The massive burns and injuries suffered by KABC-TV Los Angeles reporter Adrienne Alpert two years ago when the mast of an electronic newsgathering van she was working from hit 34,500-V power lines cost her a hand, a foot and parts of her remaining limbs.
Her injuries—and others from accidents in several states during a remarkably brief period in 2000—spurred Southern California's five labor unions working in TV news to initiate efforts toward the nation's first set of regulations for news vans. Proposed safety regulations would require training, equipment and inspections in an effort to prevent incidents like Alpert's, which are a leading cause of industrial accidents and injuries—especially from contact with overhead wires (see box for a list of regulations).
The proposal has taken a bit more than a year to reach its current stage and could be a round of comments and a public hearing away from enactment—a fairly rapid pace for negotiating the bureaucratic obstacle course. Unions credit the fervor and safety concerns generated by Alpert's and other accidents, as well as cooperation from government and area broadcasters.
Safety experts like Cohasset, Mass.-based Mark Bell have long noted that the victims of accidents may not always be limited to members of the industry and that injury to passers-by or spectators near an electrically charged area could lead to massive liability.
Certification and training, says Bell, are a necessity. "This is about professionalism, and all sides need to step up their safety awareness and practices," he contends. "Do we need more reminders that home-grown in-house safety practices, as have been used for almost 30 years, don't work?"
Bell also urges that the unions stop defending people who are involved in safety-related suspensions. "Companies need backing, too," he says. "Unsafe is unsafe."
Changes required by the present proposal, according to documents filed by California's Occupational Safety and Health Standards Board, would add an average of $1,500 in additional costs for a new ENG vehicle, no more than $3,000 to retrofit an existing one.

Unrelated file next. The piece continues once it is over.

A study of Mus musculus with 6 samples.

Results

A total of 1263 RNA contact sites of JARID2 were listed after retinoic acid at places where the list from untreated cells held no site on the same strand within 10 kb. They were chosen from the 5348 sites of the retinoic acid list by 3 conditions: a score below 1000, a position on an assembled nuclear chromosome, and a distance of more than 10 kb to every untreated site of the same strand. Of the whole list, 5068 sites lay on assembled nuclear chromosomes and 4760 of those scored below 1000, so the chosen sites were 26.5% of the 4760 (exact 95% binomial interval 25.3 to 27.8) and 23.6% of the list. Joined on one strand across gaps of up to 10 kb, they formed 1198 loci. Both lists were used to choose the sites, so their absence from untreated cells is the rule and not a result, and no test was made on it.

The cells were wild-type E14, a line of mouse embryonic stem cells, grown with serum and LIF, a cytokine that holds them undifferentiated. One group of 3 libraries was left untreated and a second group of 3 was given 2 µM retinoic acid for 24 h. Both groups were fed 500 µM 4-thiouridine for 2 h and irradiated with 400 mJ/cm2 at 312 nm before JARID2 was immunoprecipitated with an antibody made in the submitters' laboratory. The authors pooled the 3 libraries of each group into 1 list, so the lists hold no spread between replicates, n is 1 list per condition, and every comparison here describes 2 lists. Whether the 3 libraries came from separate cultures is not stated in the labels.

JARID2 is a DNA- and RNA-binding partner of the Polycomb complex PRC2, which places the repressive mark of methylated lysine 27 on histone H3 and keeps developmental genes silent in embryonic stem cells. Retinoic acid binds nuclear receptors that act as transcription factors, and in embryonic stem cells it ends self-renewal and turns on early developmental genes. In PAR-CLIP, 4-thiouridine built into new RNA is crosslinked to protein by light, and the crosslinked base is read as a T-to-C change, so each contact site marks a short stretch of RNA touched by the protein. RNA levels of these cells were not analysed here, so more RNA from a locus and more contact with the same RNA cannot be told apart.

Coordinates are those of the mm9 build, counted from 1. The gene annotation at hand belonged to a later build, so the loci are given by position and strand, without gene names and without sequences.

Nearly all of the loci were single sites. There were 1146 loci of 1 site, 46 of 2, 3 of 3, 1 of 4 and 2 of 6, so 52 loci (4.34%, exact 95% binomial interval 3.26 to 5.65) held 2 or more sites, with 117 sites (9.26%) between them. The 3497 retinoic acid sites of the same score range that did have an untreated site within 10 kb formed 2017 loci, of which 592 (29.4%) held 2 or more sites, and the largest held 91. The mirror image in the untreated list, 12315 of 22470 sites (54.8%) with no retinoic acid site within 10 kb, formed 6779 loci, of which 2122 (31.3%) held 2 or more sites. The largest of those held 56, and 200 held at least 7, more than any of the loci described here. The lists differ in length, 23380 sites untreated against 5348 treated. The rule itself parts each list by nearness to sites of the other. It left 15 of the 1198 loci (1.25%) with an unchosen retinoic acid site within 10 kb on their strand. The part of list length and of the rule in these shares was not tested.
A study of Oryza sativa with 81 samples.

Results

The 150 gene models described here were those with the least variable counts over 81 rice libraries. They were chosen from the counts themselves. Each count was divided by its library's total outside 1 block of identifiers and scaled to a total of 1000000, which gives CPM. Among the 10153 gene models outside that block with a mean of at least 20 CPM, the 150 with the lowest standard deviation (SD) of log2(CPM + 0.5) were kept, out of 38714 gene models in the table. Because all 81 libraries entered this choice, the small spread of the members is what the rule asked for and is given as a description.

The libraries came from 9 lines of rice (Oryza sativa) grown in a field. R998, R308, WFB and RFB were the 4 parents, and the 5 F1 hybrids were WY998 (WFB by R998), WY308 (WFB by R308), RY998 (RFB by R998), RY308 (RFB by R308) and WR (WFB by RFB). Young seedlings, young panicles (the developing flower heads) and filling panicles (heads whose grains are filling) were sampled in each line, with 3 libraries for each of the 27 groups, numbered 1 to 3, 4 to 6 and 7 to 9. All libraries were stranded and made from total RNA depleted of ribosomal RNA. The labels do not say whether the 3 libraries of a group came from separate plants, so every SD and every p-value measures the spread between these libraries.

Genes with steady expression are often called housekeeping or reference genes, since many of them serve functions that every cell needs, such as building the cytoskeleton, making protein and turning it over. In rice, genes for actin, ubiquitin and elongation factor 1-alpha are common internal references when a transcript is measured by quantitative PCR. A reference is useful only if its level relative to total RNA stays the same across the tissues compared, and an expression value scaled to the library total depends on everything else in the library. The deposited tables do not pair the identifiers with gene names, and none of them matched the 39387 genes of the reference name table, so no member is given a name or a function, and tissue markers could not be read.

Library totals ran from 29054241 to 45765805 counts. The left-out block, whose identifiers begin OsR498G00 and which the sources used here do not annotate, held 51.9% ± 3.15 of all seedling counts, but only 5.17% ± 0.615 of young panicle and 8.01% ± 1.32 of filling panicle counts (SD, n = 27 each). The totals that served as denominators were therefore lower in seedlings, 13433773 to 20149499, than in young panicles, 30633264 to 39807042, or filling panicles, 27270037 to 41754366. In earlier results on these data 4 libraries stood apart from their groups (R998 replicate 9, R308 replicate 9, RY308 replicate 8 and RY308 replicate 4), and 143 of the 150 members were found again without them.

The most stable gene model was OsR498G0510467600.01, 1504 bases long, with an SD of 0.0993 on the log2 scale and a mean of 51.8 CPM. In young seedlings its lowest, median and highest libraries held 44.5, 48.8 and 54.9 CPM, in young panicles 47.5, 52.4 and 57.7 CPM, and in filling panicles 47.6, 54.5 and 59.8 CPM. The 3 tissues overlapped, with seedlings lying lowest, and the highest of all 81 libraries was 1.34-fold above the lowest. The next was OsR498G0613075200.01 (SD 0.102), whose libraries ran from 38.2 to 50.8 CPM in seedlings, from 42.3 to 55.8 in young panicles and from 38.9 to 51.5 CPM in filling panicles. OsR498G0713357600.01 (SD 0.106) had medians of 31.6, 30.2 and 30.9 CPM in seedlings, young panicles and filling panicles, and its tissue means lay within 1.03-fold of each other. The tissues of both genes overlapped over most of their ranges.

Early proposals from the five unions involved would have been more stringent, requiring vans to be equipped with alarms warning of the proximity of live wires, and would have required at least two crew members for operation of an ENG van. The unions are the American Federation of Television and Radio Artists, the NAB Employees and Technicians, the International Brotherhood of Electrical Workers, the International Alliance of Theatrical and Stage Employees, and the Communications Workers of America.
Conrad Tolson, of California's Occupational Safety and Health Standards Board, says neither proposal could win a consensus of the drafting committee—which comprised representatives of TV labor and management, along with representatives from public utilities and government. The committee considered not only the costs of such proposals but also their lack of standardization and demonstrated safety improvements.
Not everyone agrees. One of two comments that the Standards Board needs to address is from the Sierra Vista, Arizona-based Hazard Information Foundation (HIFI), which advocates installing proximity alarms on masts. HIFI recommends that if, as with overhead electrical wires, the hazard cannot be eliminated by design, guard or warning, "then rely on human protective gear."
The other comment is a clarification sought by ABC regarding quarterly inspections. Bell is concerned at how a company of ABC's size can't figure out how to spend an hour every three months to inspect a vehicle.
Truck manufacturers find themselves doing what they can to help limit potential injuries and deaths. Jack Feldman, Shook Electronics sales rep, Latin America, says his company has been endorsing the use of two products to help deal with the issue of ENG safety: the Wilburt DeTect and SigAlarm High Voltage Power Line Proximity Warning System. He says the additional cost is around $2,800. HIFI endorses the SigAlarm.
The Wilburt device, Feldman says, has three functions: a sonar that will detect obstructions, an electric-field detector and an angle meter. "If the vehicle has too much tilt, you can't raise the mast." The "tilt" problem was a factor in the accident that maimed Alpert: Had the vehicle been level, the mast would have cleared the overhead wires, but the vehicle was parked on a sloping surface.
But training is paramount, maintains Raymond Enama, senior program manager and senior instructor for San Diego Gas & Electric: "If Adrienne Alpert had been trained and understood the hazards, she would not have gotten injured." Alpert left the van after its mast contacted a power line; if she had stayed inside, she likely would have escaped injury.
Enama has seen plenty of accidents that resulted from someone's thinking that, as long as the wires aren't touched, they're safe. However, the wires aren't insulated and have an electrical field that can be deadly.
"For 50,000 volts and below, you need to keep operating equipment 10 feet away," he says.